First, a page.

If you’ve never heard a Ford-Chevy argument, you may find it hard to believe that such things exist. People actually get into arguments, sometimes violent arguments, over which trucks are better, Ford or Chevy.
More generally, a Ford-Chevy argument is an emotionally charged debate over the merits of two similar things with each side fiercely loyal to its position. These arguments look silly to outsiders but are serious to insiders. We all have our Ford-Chevy topics.
Have you ever gotten into a Mac versus PC argument? Emacs versus vi? Your favorite programming language versus some inferior language? How about your profession versus some rival profession? Your favorite sports team versus a competitor?
Thomas Gideon recently recorded a podcast on software tools. Gideon gives a good explanation for why we have technical Ford-Chevy arguments.
The time needed to gain mastery over a single deep tool usually precludes being able to learn anything else in that category. Pointing out feature differences, ones that may paint your chosen tool in an unflattering light, can make you defensive without realizing it. … how much effort you put in is being called into question, and to a degree, if only subconsciously, your intelligence or judgment may also be questioned by implication.
When you’ve made a large investment in time or money, you don’t want to hear someone question that investment. You may feel that your intelligence or judgment is being called into question. You may fear that you’ve picked the wrong tool but don’t have the time or energy to learn an alternative.
I’d like to think I’m above Ford-Chevy arguments, but I’m not. I would never get into a literal Ford-Chevy argument because I don’t care about trucks. But I could easily fall into a Ford-Chevy–type argument about something I care more about.
It’s no surprise that emotional factors influence our choice of music or clothes. But it is surprising how much emotional factors influence even highly technical decisions. For example, people often choose statistical methods for emotional reasons, though they would never admit it. Once we make a decision, we come up with rational justifications after the fact. This applies to choosing a computer or a statistical method just as much as it applies to choosing a truck or pair of shoes.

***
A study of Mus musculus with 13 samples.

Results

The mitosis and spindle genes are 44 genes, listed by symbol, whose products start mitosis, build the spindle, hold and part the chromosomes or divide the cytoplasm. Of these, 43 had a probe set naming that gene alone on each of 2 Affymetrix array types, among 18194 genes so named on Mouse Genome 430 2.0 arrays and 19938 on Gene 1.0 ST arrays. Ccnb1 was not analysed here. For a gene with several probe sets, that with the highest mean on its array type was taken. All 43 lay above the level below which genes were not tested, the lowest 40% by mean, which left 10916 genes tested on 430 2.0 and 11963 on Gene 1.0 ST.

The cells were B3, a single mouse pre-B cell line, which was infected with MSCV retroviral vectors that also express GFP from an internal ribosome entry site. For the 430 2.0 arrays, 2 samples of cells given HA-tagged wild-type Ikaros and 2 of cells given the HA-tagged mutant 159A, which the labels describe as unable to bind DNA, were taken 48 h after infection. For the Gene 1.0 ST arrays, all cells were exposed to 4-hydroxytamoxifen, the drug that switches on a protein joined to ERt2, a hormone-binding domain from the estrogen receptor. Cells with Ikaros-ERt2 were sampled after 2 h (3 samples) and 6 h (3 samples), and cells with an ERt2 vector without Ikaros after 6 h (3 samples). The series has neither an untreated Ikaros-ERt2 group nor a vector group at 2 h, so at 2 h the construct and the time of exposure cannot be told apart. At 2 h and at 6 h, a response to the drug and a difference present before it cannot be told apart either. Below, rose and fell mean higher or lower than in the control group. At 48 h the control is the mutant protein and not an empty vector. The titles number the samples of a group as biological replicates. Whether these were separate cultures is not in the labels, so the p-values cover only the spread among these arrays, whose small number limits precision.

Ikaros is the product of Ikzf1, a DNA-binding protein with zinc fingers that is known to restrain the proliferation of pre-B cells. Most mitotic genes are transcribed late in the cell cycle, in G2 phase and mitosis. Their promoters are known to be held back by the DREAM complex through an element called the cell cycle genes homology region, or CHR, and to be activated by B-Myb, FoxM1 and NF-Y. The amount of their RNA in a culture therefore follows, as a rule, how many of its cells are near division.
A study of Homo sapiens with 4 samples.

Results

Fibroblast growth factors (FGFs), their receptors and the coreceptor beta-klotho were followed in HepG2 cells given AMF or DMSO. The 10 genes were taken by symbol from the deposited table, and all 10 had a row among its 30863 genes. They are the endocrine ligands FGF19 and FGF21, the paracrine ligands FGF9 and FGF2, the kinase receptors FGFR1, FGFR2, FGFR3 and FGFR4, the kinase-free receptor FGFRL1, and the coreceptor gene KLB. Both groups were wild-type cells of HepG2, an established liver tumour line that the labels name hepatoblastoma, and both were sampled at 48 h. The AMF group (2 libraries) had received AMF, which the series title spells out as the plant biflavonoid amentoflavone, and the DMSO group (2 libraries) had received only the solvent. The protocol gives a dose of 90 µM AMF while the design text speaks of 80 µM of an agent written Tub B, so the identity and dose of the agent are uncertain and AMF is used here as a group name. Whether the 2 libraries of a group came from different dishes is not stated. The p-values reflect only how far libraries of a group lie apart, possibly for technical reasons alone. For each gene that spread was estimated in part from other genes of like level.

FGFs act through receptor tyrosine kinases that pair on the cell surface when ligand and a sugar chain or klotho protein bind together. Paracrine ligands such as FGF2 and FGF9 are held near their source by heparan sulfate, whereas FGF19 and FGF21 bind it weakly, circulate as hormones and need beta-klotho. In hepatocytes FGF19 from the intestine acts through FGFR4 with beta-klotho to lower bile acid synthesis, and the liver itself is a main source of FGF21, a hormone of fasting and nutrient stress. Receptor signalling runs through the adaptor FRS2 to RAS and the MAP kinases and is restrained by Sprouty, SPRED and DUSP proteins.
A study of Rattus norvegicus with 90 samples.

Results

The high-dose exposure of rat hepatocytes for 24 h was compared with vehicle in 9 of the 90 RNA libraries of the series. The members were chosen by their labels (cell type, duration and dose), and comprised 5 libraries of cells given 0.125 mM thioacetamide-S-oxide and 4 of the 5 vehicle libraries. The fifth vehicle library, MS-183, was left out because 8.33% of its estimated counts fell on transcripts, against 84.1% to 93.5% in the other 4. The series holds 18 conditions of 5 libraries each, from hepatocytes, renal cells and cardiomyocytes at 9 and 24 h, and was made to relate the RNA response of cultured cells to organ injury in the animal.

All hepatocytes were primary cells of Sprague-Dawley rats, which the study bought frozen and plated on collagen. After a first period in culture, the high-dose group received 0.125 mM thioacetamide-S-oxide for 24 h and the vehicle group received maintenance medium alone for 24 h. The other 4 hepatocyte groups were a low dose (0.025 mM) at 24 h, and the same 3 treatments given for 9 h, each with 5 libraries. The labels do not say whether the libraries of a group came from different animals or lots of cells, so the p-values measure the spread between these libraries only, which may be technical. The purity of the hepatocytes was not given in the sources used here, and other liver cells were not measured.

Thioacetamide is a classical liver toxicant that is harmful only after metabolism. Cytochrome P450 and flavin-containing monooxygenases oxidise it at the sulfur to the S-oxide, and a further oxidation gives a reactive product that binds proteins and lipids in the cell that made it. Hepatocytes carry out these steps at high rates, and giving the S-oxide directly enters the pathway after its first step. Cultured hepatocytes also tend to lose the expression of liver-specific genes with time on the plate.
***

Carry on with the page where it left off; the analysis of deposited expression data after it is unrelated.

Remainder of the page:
Read a few of the over 6,500 comments on the video to get a taste of a real Ford-Chevy argument.
Related post: Doing good work with bad tools
7 thoughts on “Ford-Chevy arguments in tech”
Winchester vs. Remington
Word vs. Latex
Here’s a Ford-Chevy from this blog a little while back: C vs C++
You should mention that the *fear* of Ford-Chevy arguments often precludes people from going into meaningful comparisons. People cry for trolling whenever someone asks for a comparison of A vs B.
But you *can* have a Ford-Lada comparison. There are many pieces of software that are better than other.
I can’t stand it when people just get away by replying “use whatever is better for you”, or “use what is best for the job”.
Assume that, in the real world, you could choose between driving a Lada or a Ford (for the same price). Who would tell you that: “it’s a matter of taste”, “choose the one you like best”. Honestly? But that happens all the time in computer science!
I don’t have any good explanation for that “fear of Ford-Chevy argument” phenomenon.
Maybe that is because, unlike in the real world, we have access to a whole range of tools for the same price (often for free). That leads people to believe that everything is equivalent to everything.
Oliver: Good point. Comparison discussions can be productive, even if they get a little heated.
But comparisons are more productive if they have explicit criteria. In an A to B comparison, I want to hear someone say exactly in what way they believe A is better than B, and they’ll have more credibility if they also list a few advantages for B. Heated arguments are often heated because the criteria are left implicit.
Ford-Chevy and Ford-Lada is a good example highlighting why these discussions become so heated and pointless: Comparing wildly different tools is worthwhile, but similar tools – in functionality and quality – is mostly not. The decision between them really becomes mostly a matter of taste or habit. The cost of switching to an unfamiliar tool may well be substantially higher than any benefit accrued, so “use the one you like best” really is the optimal answer.
‘Emotional reasons’ =identity.
Microsoft has implicitly acknowledged this with its latest ‘I’m a PC’ campaign, just as Apple did previously, and continues to do. The truth is that we make luxury purchases (clothes, gadgets, cars) based on whether the product fits our identity – I’m cool, so I have to have cool stuff; I’m classy, so I need those classy shoes; I’m a Ford guy; I’m a Lakers supporter; I vote Democrat; I’m Norwegian.
These are all statements of identity, and it’s identity that drives us to our most embittered arguments.
The truth is always subtle and a shade of gray. Identity lends us a large hammer to make that a black vs white argument: Ultimately it is the mind making allegiances, with which it constructs the self. Those with no identity are those we pity the most; the poor, the homeless, the displaced.
So I’d say that often the problem is that we approach a rational weighing up with the question “Which is better?”, without defining criteria. In that circumstance, we know only that the self is best, and thus its affinities – its identity – reigns supreme.
Who is best, you or me?
People have Ford-Chevy arguments over everything, dont they, depending on ones particular passions. Religious affiliations, political parties, economic systems… some more “controversial” than others… though the notion of controversy is equally subjective.
People are reluctant to “lose” their investment by changing… even when that change is ultimately for the better. Its called the Sunk-Cost fallacy.